Just in time for those Father’s Day cookouts, researchers have released a study linking serious disease risk with processed meats.
This study, done in Sweden, shows that mean who ate the most processed red meat had a 28 percent higher risk of heart failure and twice the risk of dying over a 12-year period compared to men who ate the least. The highest intake in this case was equivalent to a 75-gram jumbo frank.
The findings, published in the American Heart Association journal Circulation: Heart Failure, add to a body of studies that implicate both processed meat and red meat with a higher risk of heart disease and cancer — the top two killers of people in most developed countries. Earlier this week, researchers found more evidence linking red meat and breast cancer.
The men filled out a questionnaire on what they ate and how often. For the Swedish study, processed meats included sausages, cold cuts and liver pate — foods that, like U.S. favorites such as hot dogs and bacon, can be high in sodium, nitrates, phosphates and other food additives.
When these foods are grilled they can also contain polycyclic aromatic hydrocarbons, which can damage DNA and cause both heart disease and cancer.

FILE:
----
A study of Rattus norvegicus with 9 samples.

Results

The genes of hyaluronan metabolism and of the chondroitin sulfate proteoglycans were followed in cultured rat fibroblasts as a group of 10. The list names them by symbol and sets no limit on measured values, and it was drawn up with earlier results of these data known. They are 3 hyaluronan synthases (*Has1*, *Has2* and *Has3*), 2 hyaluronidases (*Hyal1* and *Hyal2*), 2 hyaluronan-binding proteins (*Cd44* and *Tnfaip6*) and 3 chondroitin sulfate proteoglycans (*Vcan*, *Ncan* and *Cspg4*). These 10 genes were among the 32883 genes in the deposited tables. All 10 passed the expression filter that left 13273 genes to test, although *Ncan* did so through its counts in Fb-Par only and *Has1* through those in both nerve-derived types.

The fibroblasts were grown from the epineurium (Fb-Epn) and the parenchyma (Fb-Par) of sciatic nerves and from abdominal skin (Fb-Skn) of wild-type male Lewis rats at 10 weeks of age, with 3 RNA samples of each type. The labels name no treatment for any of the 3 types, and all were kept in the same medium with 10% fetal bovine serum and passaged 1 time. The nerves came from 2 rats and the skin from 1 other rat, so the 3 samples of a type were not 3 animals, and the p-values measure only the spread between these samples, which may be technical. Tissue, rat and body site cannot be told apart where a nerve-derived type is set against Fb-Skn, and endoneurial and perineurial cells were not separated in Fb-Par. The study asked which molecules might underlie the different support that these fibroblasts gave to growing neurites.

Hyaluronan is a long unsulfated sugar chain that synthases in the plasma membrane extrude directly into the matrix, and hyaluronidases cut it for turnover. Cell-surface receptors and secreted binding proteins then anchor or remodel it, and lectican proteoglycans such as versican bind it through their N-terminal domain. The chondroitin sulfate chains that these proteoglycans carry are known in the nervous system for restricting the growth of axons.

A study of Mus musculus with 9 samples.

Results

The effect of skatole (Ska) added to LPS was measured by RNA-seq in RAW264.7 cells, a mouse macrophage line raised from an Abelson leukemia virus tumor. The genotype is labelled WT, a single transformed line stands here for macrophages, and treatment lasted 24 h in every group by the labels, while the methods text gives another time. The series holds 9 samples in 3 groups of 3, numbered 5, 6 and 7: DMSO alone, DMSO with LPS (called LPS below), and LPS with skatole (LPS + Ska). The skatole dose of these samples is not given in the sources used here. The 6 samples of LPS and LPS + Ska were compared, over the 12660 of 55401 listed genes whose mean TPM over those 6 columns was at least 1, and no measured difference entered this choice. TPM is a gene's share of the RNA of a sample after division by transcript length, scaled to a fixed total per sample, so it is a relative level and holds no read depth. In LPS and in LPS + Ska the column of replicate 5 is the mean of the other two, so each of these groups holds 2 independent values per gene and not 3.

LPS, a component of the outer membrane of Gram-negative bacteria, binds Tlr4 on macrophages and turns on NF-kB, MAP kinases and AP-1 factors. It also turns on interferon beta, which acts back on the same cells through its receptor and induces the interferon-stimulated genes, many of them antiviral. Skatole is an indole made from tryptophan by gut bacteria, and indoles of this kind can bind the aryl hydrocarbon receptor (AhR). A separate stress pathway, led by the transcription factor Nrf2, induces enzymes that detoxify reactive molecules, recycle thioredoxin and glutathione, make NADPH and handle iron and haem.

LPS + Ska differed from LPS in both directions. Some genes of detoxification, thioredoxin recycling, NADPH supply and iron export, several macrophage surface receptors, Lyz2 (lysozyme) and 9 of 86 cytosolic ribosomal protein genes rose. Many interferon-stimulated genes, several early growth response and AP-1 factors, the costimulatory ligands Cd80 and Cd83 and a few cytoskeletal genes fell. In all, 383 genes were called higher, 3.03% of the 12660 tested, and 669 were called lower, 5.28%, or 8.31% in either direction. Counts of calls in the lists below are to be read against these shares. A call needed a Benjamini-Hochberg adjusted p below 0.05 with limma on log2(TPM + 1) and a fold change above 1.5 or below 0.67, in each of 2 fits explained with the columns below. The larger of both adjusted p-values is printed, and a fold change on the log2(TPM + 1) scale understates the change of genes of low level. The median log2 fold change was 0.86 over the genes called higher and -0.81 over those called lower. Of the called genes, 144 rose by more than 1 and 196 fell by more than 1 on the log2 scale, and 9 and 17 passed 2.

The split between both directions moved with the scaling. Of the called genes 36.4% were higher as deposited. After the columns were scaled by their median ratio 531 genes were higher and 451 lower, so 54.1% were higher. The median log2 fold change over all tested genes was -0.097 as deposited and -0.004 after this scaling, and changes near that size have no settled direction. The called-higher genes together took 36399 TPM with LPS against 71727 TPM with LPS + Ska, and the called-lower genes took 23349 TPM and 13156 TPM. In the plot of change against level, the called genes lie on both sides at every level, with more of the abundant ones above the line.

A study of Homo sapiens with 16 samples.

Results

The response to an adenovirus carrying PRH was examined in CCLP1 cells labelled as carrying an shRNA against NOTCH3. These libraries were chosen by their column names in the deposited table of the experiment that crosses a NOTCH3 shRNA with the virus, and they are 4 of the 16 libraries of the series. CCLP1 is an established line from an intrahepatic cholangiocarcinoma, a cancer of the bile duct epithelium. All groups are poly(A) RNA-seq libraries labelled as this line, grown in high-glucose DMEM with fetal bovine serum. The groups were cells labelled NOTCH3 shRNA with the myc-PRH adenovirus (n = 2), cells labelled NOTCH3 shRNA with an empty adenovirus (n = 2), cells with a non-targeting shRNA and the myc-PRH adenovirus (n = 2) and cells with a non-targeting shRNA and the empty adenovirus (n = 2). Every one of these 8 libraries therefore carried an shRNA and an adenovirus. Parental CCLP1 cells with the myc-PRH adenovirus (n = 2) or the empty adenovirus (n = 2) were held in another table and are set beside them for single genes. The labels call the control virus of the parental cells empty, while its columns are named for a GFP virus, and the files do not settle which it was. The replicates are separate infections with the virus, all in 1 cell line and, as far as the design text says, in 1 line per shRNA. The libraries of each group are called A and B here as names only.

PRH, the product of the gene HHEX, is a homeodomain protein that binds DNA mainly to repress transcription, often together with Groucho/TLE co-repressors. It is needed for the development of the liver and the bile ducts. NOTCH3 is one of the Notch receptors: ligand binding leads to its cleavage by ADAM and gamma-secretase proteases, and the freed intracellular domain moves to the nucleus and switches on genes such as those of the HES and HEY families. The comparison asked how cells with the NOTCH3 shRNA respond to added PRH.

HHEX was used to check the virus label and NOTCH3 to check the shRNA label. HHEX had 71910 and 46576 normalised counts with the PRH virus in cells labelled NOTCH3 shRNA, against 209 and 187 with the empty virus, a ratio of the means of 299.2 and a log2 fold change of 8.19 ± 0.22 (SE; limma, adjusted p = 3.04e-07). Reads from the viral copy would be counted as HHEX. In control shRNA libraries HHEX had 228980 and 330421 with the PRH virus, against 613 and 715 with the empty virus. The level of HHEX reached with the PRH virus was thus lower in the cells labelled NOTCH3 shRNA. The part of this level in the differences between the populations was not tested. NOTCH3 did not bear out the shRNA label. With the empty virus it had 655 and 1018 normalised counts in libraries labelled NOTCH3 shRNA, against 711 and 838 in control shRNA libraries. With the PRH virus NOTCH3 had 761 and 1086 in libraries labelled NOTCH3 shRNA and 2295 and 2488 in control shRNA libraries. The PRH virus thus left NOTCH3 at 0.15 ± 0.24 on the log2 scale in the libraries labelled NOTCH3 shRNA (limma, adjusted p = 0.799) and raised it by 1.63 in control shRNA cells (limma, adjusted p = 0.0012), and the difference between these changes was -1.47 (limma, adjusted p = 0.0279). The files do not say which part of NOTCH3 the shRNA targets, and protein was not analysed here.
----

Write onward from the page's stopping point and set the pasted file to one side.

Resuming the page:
For each 50 grams of this meat the men ate daily, the incidence of heart failure rose by 8 percent. Unprocessed red meat, such as steaks and burgers, did not raise this risk.
The American Heart Association and the American Cancer Society both recommend limiting red meat. The U.S. government says people should eat a plant-based diet, keeping meat portions small.
First published June 12 2014, 1:49 PM
Maggie Fox is senior health writer for NBCNews.com and TODAY.com, writing top news on health policy, medical treatments and disease.
She's reported for news agencies, radio, newspapers, magazines and television from across Asia, the Middle East, Africa and Europe covering news ranging from war to politics and, of course, health and science. Her reporting has taken Maggie to Lebanon, Syria and Libya; to China, South Korea, Thailand, the Philippines and Pakistan; to Bosnia, Croatia and Serbia and to Ireland and Northern Ireland and across the rest of Europe.
Maggie has won awards from the Society of Business Editors and Writers, the National Immunization Program, the Overseas Press Club and other organizations. She's done fellowships at Harvard Medical School, the National Institutes of Health and the University of Maryland.